The new dean trumpeted the school and outlined her goals to central Indiana alumni at a special reception in Indianapolis Aug. 7. Since becoming dean, Lyon has been traveling around the state to introduce herself and talk to alumni.

In Indianapolis, she greeted graduates personally at the Columbia Club and then made some general remarks to the crowd. She opened by telling the group she was thrilled to be part of Valparaiso Law School.

“It’s a very, very exciting time,” Lyon said, noting the incoming class, which numbers about 188 students, has an LSAT score that is two points higher than last year’s incoming students.

lyon Valparaiso University Law School Dean Andrea Lyon, left, speaks with Valpo Law grad Indiana Court of Appeals Chief Judge Nancy Vaidik during a reception in Indianapolis for alumni. (IL Photo/ Kelly Lucas)

She then turned her attention to the subject about which alumni frequently ask – ranking.

She conceded that “ranking” is a dirty word and many object to the whole notion of rating law school but, she said, ranking is a fact of life and does affect graduates’ ability to get jobs.

Her assessment is valid.

Nine months after graduation, less than 50 percent of the lawyers who studied at Valparaiso Law School had full-time jobs that required bar passage, according to the American Bar Association statistics for 2011, 2012 and 2013. In addition, the school has been regularly listed in U.S. News & World Report’s “rank not published” category, a designation given to schools that have a ranking below magazine’s cutoff point of roughly 150.

Lyon wants to improve Valparaiso’s ranking by highlighting the school’s strengths. The traditional route to boost a law school’s national stature is to focus on faculty research but, she said, Valparaiso does not have 25 to 30 years and millions of dollars to climb out of the “rank not published” section.

Instead, Lyon wants to emphasize the school’s focus on training people to be lawyers. She wants to get a national reputation for its clinical  programs and legal writing courses that give students hands-on experience.  
 
“I think that we get those programs ranked and they will pull us up with it and people will come to us who want to be lawyers,” she said.  Someone who wants to be a theoretician probably not will go to Valparaiso, but that’s OK, she said, as there’s room in the world for lots of different schools, and “our school trains lawyers.”

Husband and wife alumni, J. Sebastian Smelko, attorney at Bingham Greenebaum Doll LLP and Heather James, attorney at Ice Miller LLP, both praised the legal research and writing program.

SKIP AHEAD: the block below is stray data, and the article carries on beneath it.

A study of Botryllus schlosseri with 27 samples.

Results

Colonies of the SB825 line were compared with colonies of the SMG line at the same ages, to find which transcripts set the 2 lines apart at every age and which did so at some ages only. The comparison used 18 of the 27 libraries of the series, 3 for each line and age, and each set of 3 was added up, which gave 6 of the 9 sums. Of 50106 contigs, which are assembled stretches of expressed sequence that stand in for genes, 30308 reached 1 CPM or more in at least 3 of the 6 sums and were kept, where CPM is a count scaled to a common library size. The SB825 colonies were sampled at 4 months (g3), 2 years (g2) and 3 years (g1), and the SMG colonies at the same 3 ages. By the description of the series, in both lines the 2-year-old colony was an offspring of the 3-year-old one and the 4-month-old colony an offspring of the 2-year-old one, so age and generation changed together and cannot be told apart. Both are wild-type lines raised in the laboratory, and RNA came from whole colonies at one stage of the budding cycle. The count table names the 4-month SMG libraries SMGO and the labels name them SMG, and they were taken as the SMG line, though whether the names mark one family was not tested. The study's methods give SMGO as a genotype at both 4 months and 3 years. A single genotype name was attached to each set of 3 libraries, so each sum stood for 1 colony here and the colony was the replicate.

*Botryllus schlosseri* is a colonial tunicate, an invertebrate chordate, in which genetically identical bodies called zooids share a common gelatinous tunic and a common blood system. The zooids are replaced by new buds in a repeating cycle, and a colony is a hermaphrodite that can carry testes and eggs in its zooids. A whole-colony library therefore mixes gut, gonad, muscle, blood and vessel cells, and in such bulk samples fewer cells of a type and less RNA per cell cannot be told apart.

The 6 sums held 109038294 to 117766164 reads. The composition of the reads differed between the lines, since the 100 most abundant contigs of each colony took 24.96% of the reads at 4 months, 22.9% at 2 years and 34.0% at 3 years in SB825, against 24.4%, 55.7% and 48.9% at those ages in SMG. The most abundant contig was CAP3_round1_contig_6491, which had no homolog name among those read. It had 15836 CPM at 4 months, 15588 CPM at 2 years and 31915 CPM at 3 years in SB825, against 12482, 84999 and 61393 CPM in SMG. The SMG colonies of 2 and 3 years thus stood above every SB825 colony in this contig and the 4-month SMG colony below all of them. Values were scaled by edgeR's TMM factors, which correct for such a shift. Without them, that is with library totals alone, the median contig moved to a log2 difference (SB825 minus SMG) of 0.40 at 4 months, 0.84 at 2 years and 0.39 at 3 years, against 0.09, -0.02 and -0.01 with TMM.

“That’s why I went to Valparaiso was because of the legal research and writing program,” James said. “I don’t know that that needs any improvement, but to the extent that she can focus on making that program even better that would be wonderful.”

Lyon is the 12th dean and first woman to lead the law school. She earned her law degree at Antioch School of Law and prior to joining Valparaiso, she was the associate dean of clinical programs and director of the Center for Justice in Capital Cases at the DePaul University College of Law in Chicago.
 


  2. I have a case presently pending cert review before the SCOTUS that reveals just how Indiana regulates the bar. I have been denied licensure for life for holding the wrong views and questioning the grand inquisitors as to their duties as to state and federal constitutional due process. True story: https://www.scribd.com/doc/299040839/2016Petitionforcert-to-SCOTUS Shorter, Amici brief serving to frame issue as misuse of govt licensure: https://www.scribd.com/doc/312841269/Thomas-More-Society-Amicus-Brown-v-Ind-Bd-of-Law-Examiners

  3. Here's an idea...how about we MORE heavily regulate the law schools to reduce the surplus of graduates, driving starting salaries up for those new grads, so that we can all pay our insane amount of student loans off in a reasonable amount of time and then be able to afford to do pro bono & low-fee work? I've got friends in other industries, radiology for example, and their schools accept a very limited number of students so there will never be a glut of new grads and everyone's pay stays high. For example, my radiologist friend's school accepted just six new students per year.

  4. I totally agree with John Smith.

  5. An idea that would harm the public good which is protected by licensing. Might as well abolish doctor and health care professions licensing too. Ridiculous. Unrealistic. Would open the floodgates of mischief and abuse. Even veteranarians are licensed. How has deregulation served the public good in banking, for example? Enough ideology already!